Shaking up Shakespeare
A three-way interview on kings and crooners
by Gary Zeidner
Celebrating its 50th Anniversary, the Colorado Shakespeare Festival presents three of the Bard’s classics, Macbeth, Love’s Labour’s Lost and Henry the Eighth, along with Woody Guthrie’s American Song and The Three Musketeers. Boulder Weekly sat down with some of the key players in this year’s CSF to discuss their shows and the continuing evolution of one of the best Shakespeare festivals in the world.
Boulder Weekly: The Colorado Shakespeare Festival is known for setting the Bard’s plays in unusual locales and/or time periods. What can you tell us about the setting of your play?
Lynn Collins (Director, Macbeth): In many ways, I sort of didn’t do that with this production. It’s generally medieval when one looks at it. There are elements of it that are quite non-realistic, that aren’t a period setting specifically.
Jeff Waxman (co-Creator and Musical Director, Woodie Guthrie’s American Song): I think it would be fair to say that when you are aware of time and place, it is the actual time and place in which Woody lived and experienced the things he wrote about.
James Symons (Director, Henry the Eighth): [This time around,] Henry the Eighth is set in Henry the Eighth’s period. It’s the early part of the 1500s. The play actually covers 13 years, so it’s the first quarter of the 16th century.
BW: What sets your production apart from previous productions of the same play?
LC (Mac): One is a real focus on children and all the things they mean both by their absence and by their presence. That, for me, became a symbol for the idea that this goal in human life is to create something permanent, something that will last beyond you. So, I spent a lot of time weaving more children into this production than is normal to see.
JW (WGAS): This is the 20th anniversary of the commercial production [of the show]. Every time Peter and I worked on the show there was new material added based on newly available material of Woody Guthrie’s or a new perspective. In particular, there is a very dramatic number called “The Ludlow Massacre” which specifically was added for this production. It was kind of a definitive moment in the politics of unions in the state of Colorado.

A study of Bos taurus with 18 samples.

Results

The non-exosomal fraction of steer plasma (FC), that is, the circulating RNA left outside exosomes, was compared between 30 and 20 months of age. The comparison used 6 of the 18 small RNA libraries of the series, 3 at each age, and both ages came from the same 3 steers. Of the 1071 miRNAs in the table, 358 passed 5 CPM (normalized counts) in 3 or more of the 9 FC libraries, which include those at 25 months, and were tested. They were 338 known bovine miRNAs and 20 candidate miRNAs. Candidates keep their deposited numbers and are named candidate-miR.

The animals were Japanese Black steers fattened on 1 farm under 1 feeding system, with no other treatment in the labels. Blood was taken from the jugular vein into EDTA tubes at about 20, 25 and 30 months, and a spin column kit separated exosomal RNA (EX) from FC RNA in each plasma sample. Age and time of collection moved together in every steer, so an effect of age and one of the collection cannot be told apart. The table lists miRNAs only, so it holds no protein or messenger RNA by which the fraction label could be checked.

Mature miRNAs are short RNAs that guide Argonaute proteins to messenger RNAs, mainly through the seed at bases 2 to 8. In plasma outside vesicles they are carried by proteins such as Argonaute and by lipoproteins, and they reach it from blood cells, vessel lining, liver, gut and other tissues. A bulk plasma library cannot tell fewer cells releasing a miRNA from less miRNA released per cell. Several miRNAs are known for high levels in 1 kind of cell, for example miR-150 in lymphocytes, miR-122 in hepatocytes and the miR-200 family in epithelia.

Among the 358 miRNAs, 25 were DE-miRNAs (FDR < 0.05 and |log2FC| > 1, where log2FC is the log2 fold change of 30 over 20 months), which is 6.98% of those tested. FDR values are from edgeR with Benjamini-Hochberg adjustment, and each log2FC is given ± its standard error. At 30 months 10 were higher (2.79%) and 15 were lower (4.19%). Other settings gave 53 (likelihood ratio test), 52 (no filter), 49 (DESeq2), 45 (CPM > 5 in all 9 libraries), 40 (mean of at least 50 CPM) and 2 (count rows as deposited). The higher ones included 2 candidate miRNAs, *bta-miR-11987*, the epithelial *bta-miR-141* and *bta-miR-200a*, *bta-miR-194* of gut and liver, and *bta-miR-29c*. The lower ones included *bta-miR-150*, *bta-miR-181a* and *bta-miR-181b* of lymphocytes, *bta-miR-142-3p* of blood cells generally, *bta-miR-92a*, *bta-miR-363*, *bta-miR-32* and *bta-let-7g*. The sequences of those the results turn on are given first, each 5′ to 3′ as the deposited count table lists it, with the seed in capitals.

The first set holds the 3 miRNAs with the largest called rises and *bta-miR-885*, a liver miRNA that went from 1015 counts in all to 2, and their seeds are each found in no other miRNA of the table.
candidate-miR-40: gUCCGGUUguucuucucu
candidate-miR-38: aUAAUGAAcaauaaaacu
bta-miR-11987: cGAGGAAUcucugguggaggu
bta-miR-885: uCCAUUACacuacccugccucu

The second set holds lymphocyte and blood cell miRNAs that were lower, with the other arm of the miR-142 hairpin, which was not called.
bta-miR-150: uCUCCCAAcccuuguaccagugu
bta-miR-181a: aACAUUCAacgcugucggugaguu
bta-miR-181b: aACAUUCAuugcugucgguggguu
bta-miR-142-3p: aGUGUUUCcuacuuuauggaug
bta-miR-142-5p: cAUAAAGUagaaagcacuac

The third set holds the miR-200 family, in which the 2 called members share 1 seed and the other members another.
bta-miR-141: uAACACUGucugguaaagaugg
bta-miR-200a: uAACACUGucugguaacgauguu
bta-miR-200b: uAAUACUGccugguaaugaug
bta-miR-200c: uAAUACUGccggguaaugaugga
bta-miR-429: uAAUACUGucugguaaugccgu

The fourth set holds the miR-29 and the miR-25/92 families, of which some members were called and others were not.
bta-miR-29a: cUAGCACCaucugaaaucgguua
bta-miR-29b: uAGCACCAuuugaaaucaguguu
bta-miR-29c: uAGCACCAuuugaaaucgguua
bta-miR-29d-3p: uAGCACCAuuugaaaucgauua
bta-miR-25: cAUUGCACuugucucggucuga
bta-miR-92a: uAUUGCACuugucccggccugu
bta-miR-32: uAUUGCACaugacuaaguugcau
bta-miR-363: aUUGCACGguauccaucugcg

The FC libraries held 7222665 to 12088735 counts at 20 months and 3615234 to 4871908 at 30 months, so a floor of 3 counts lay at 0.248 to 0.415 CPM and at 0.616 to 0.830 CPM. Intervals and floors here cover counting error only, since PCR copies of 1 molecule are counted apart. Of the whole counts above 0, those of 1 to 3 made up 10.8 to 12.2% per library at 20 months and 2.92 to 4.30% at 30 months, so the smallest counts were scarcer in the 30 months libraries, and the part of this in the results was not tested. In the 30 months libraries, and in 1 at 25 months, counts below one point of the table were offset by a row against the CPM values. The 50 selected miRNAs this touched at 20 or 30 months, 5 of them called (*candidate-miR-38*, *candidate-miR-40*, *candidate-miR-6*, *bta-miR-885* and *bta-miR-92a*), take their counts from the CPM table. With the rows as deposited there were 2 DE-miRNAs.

JS (H8): We’re not doing a literal, historical representation. The costuming and the set suggest that period but it is more suggestive. The very top of the costume — the actor’s face, hair, caps — all those will be exactly as period. But once you leave the head and shoulders area, the costume becomes a kind of a blank canvas. It’s actually made out of canvas material. The reason we’re doing that is that the audience participates using its imagination.
BW: What is the biggest challenge you faced bringing your play to the CSF?
LC (Mac): Whenever you’re doing a summer repertory kind of theatre, time is a huge challenge. We’re rehearsing five plays all at the same time to open in five weeks, so you’re sharing actors and space and energy and everything with four other productions. You’re just against the clock in a huge way.
JW (WGAS): One of the challenges of just bringing Woody Guthrie and his writing to the stage is finding a way of making what are basically simple folk songs theatrical. I would have to say the challenge was more for [Producing Artistic Director] Philip Sneed to bring his audience to come to something entirely new. [The CSF] has never done a musical before.
JS (H8): I think it’s an unusual history play, and people who expect a history play like all of [Shakespeare’s] Richards and his Henrys that are full of battles and swordfights and tavern scenes… none of that is in this play. So you have to find what it is that makes this play interesting. It’s a more complex play.
BW: Other than your own production, which play in the CSF this year excites you the most?
LC (Mac): Henry the Eighth is exciting because no one ever does it. I also think audiences will be charmed by [Woody Guthrie’s American Song]. It’s a beautiful piece, a soul-filling play.
JW (WGAS): It’s a very diverse and interesting group, but I’ll tell you the one that Philip Sneed mentioned to me over a year ago… Henry the Eighth. One of the reasons he wanted to do [Woody Guthrie’s American Song] was the same as why he wanted to do Henry the Eighth, which is it’s a very political piece.
JS (H8): The one that excites me the most is The Three Musketeers because I’ve never seen it. I’m kind of a fan of all that swashbuckling stuff.
On the Bill:
The Colorado Shakespeare Festival takes place from Sunday, June 20, to Saturday, Aug. 16. To see the complete lineup or to order tickets, go to www.coloradoshakes.org.